Daryl Katz, owner of the Edmonton Oilers, wants a new downtown arena. This is hardly news. Certainly Mr. Katz has a bold vision for a new arena district and has spoken about his desire to help revitalize Edmonton’s downtown core. I share this goal and can see the potential for an arena to make a positive contribution; however, the discussion around the new arena is still lacking, and I’m not yet sold on the funding plan.
Most troubling is the absolute lack of discussion about what would become of the existing Rexall Place, which is not only situated in Ward 7, but is also only a stone’s throw from my own neighbourhood. With a new arena, it’s likely Rexall would close, or would at least become much less active. Rexall Place (along with its parking lots) sits on 20 acres of land with an existing LRT station and is, for better or worse, the main anchor for 118 Avenue. While it’s certainly possible to imagine a better use for the site, a vacant arena is not it.
It’s possible that the land could be redeveloped to bring new residents to the area, for example. More eyes on the streets and shoppers in local businesses could be a boost for Alberta Avenue. An empty shell, however, would undo much of what has been achieved in recent years, and a discussion of what to do with the closed Rexall Place would need to start immediately to avoid damaging the revitalization efforts along 118 Avenue.
The relative merit of the Katz site also hasn’t been fully discussed. While it would likely liven up four relatively desolate blocks of downtown, an HOK study listed it fifth - behind the existing Northlands site as well as other downtown locations. Katz is monopolizing the visioning while expecting council to provide the funding and push Northlands out.
Funding is one area where significant discussion has taken place, and Katz has constantly revised his position on just how much of his $2.43 billion in net-worth would go to the project. An original offer for $100 million toward the arena was “clarified” to mean for surrounding development, then to go toward the arena itself, and was finally increased to $100 million for the arena and $100 million for the surrounding development.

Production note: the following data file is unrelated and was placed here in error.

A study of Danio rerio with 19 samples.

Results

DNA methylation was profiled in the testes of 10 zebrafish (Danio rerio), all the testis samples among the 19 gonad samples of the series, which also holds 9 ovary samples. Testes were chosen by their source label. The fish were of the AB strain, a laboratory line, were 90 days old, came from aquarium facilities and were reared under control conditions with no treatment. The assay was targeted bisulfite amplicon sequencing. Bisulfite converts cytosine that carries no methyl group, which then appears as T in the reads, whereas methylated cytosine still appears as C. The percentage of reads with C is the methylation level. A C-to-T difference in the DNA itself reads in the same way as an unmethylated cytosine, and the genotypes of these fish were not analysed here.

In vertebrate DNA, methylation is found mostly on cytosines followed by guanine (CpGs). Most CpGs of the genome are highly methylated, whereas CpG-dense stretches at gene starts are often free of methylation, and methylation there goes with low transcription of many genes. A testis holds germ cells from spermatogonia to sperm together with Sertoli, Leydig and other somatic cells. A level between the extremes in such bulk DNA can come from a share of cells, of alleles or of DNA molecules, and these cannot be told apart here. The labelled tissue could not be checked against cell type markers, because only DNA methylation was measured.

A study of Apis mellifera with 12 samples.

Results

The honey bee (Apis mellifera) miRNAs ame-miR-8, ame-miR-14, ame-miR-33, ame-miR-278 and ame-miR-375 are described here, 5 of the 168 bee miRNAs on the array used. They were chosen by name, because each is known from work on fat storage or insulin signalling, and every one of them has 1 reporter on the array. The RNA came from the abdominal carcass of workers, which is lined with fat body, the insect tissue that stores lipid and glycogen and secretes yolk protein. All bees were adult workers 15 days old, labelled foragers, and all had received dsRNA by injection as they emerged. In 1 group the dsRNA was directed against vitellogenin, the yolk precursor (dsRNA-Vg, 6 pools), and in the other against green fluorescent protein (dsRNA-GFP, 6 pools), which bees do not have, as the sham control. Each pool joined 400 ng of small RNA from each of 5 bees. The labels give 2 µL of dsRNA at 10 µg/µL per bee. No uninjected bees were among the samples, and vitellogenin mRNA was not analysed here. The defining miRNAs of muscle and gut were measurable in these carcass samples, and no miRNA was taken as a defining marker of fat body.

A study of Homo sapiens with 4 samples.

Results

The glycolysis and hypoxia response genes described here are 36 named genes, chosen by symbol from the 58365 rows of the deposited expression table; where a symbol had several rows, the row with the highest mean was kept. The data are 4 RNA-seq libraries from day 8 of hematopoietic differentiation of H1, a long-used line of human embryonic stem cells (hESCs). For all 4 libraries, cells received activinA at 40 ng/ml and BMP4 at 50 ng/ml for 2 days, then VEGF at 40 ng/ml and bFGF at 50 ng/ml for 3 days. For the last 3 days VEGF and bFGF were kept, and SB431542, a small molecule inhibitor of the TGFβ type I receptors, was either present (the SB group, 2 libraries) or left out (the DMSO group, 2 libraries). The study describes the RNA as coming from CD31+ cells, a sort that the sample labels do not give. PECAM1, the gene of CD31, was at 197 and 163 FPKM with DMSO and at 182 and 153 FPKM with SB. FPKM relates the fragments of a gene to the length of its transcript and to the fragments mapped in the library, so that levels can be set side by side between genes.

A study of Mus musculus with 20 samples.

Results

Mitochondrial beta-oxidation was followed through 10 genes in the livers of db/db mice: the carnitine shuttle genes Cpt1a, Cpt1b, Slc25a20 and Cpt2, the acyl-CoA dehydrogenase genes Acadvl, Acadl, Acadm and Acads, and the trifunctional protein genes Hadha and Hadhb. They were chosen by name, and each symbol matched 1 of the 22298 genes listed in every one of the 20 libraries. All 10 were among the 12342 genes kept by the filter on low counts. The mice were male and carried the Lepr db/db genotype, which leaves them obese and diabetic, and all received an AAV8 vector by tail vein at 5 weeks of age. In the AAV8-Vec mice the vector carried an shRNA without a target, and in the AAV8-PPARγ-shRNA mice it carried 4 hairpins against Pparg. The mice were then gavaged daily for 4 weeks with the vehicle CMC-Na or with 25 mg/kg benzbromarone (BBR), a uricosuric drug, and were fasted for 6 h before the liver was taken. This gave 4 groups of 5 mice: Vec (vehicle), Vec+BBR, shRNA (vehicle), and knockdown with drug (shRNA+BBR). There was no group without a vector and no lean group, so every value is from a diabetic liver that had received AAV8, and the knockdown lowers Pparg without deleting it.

What hasn’t changed is that the rest of the arena funding (construction is often pegged at $400 million) is to fall to the city. I have major reservations putting public funds toward a private project, just as I am not convinced that the amount of new taxes generated by the surrounding project is likely to come anywhere near covering the arena’s costs.
A downtown arena would increase property tax revenues in its vicinity, but much of the development would have been built anyway – in this area, elsewhere downtown (i.e. the Quarters), or elsewhere in the city. It’s impossible to know how much new investment the arena would actually bring to the city, but it’s unlikely to be anywhere near the billion dollars needed to pay the debt off – over several decades, no less, by which time the new arena would presumably be obsolete. I find it very hard to believe that building this project wouldn’t increase taxes.
The Katz Group pitch for hundreds of millions in subsidies asserts the Oilers are “not sustainable,” since Rexall Place is not meeting their needs (not enough seats or luxury boxes, translating to lower ticket revenues) and they do not receive funds from non-hockey-related events at Rexall. In Katz’ own words “the team is also a business. And like any business, it needs a sound financial base in order to be sustainable, which today it is not.”
As a business, they are refusing to reveal financial information to City Council, denying reports such as Forbes’ showing the Oilers generating the seventh highest profit in the league. At the same time, they have also stated that Oilers will not play in Rexall – renovated or otherwise – beyond 2014 and are pursuing the rights to operate Copps Coliseum in Hamilton. Deny as they might any intention of moving the team, it’s hard not to read between the lines and not take all this as a threat.
The upshot is that Katz is treating the project as a business deal, and council should do the same. As representatives of the future landlord (i.e. you, the citizens of Edmonton), council must ensure that it gets the best deal possible – both financially and for the city as a whole. It’s up to Katz to convince council to dedicate public funds, and while I’m prepared to continue listening, I’m not yet ready to sign on.